John F. Kennedy—elected 50 years ago this month—may not have been the most photographed of America’s presidents, but, like Abraham Lincoln, the camera loved him. His enviable thatch of hair and wide smile, plus his chic wife and two adorable children, turned serious photojournalists into dazzled paparazzi.
According to the official Navy report, written shortly after the event by Lt. j.g. Byron White (the future Supreme Court justice), 14 PT boats—three-engine wooden vessels armed with two .50-caliber machine guns and torpedoes—left their Rendova Island base at 6:30 p.m. on August 1, 1943, with the mission of intercepting Japanese ships in the Blackett Strait. The group divided into four squadrons, with PT-109 patrolling near Makuti Island.
One of the boat’s men, Ensign George Ross, was on lookout when, around 2:30 a.m., a Japanese destroyer suddenly loomed off the starboard bow, rammed the 109 and cut it in half. Spilled fuel ignited on the water, causing crews of the other PT boats to assume there had been no survivors. Two crew members were never seen again, but 11 who survived, all wearing life vests, managed to board what was left of PT-109. One had been badly burned and couldn’t swim. Lieutenant Kennedy, who had suffered a ruptured spinal disk in the collision, had swum and towed him to the boat.
By dawn, the men abandoned the sinking vessel. Kennedy decided that they should swim to a coral island—100 yards in diameter with six palm trees—three and a half miles away. Again, Kennedy, who had been on the Harvard swim team, towed his crewmate the whole way. The report states undramatically: “At 1400 [2 p.m.] Lt. Kennedy took the badly burned McMahon in tow and set out for land, intending to lead the way and scout the island.”
For the next two nights, Kennedy—sometimes with Ross, sometimes alone—swam from the island into the strait with a waterproof flashlight, hoping to intercept a U.S. torpedo boat. Battling injuries, exhaustion and strong currents, he saw no patrols. On August 5, Kennedy and Ross swam to a neighboring island and found a canoe, a box of Japanese rice crackers and fresh water. They also saw two islanders paddling away in a canoe. When they returned to the island where the crew waited, they discovered that the two natives had landed and were gathering coconuts for the crew. On display at the Kennedy Library in Boston is the coconut shell on which Kennedy scratched a message: “Nauru Isl commander / native knows posit / he can pilot / 11 alive need small boat / Kennedy.”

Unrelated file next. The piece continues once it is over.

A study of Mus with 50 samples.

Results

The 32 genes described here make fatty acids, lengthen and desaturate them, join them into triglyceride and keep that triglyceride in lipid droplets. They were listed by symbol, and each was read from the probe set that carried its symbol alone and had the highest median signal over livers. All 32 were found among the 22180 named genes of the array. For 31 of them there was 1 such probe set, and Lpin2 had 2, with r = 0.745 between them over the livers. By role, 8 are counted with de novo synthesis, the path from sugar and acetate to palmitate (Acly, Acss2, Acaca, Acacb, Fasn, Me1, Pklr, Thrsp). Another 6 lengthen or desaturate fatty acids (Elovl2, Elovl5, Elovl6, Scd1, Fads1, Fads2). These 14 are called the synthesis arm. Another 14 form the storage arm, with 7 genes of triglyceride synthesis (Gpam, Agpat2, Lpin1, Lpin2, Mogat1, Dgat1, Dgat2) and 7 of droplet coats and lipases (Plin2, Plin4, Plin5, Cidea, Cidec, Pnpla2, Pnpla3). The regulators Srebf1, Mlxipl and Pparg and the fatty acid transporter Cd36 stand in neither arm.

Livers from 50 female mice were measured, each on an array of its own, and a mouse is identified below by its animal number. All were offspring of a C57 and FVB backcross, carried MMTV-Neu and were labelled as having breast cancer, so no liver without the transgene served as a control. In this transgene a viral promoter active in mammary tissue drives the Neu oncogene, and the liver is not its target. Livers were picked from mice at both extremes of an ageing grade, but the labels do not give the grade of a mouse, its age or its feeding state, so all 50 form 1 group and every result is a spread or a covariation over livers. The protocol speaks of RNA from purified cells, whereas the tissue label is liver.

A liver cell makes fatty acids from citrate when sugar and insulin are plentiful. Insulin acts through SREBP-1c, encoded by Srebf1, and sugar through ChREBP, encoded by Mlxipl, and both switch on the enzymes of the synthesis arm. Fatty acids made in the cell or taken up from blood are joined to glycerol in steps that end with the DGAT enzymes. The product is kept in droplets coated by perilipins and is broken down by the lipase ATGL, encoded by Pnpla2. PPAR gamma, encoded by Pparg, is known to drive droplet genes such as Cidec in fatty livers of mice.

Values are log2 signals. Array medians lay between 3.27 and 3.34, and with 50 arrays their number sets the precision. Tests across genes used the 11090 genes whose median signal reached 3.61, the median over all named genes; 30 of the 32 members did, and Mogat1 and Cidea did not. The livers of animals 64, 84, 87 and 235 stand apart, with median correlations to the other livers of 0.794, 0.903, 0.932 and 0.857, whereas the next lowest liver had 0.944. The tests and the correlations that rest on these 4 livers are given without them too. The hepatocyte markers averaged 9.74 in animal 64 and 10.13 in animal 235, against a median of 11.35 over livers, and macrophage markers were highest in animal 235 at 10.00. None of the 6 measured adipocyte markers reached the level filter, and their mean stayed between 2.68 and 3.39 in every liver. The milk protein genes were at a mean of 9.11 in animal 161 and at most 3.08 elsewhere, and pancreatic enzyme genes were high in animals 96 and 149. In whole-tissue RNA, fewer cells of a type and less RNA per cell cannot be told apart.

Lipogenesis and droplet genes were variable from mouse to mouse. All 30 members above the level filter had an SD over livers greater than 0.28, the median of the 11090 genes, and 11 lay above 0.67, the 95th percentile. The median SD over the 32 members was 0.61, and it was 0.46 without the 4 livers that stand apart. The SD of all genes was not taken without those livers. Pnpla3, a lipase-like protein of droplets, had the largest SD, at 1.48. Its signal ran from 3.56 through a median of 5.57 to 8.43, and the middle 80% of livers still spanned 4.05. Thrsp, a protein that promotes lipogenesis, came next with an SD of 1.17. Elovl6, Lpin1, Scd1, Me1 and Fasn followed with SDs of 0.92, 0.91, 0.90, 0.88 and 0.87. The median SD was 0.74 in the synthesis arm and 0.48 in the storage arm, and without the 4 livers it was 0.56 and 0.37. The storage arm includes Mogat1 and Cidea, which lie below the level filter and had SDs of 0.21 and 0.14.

Kennedy asked the islanders to take the coconut to the base at Rendova. The next day, eight natives appeared on Kennedy’s island with a message from an Australian coast watcher—a lookout posted on another island—to whom they’d shown the coconut. The islanders took Kennedy by canoe to the scout, Reginald Evans, who radioed Rendova. Again, in the measured words of Byron White: “There it was arranged that PT boats would rendezvous with [Kennedy] in Ferguson Passage that evening at 2230 [10:30]. Accordingly, he was taken to the rendezvous point and finally managed to make contact with the PTs at 2315 [11:15]. He climbed aboard the PT and directed it to the rest of the survivors.” The boat Kennedy climbed aboard was PT-157: Ensign Ted Robinson was in the crew.
Robinson, now 91 and living in Sacramento, California, recalls that he and Kennedy were later tentmates in the Solomons. “His feet were still in bad shape,” Robinson says. “So I loaned him a cane I’d received from a village chief and took his picture.”
Not long after, Robinson adds, Marines were trapped during a raid on Japanese-held Choiseul Island. “They landed on the enemy island in the middle of the night,” he says. “Their commanding officer radioed the next morning that he and his men were surrounded and heavily engaged. The CO who received the message said he’d get them out after dark.” According to Robinson, the Marine responded, “If you can’t come before then, don’t bother coming.”
The CO asked for a volunteer to make a daylight dash to save the Marines. “I wasn’t there,” Robinson told me, “but if I’d been, I’d have hidden behind the biggest palm tree I could find.” But Kennedy volunteered. “With a full load of fuel that would get him there and halfway back to where he could be towed home,” Robinson says, “he took off and got the Marines out.”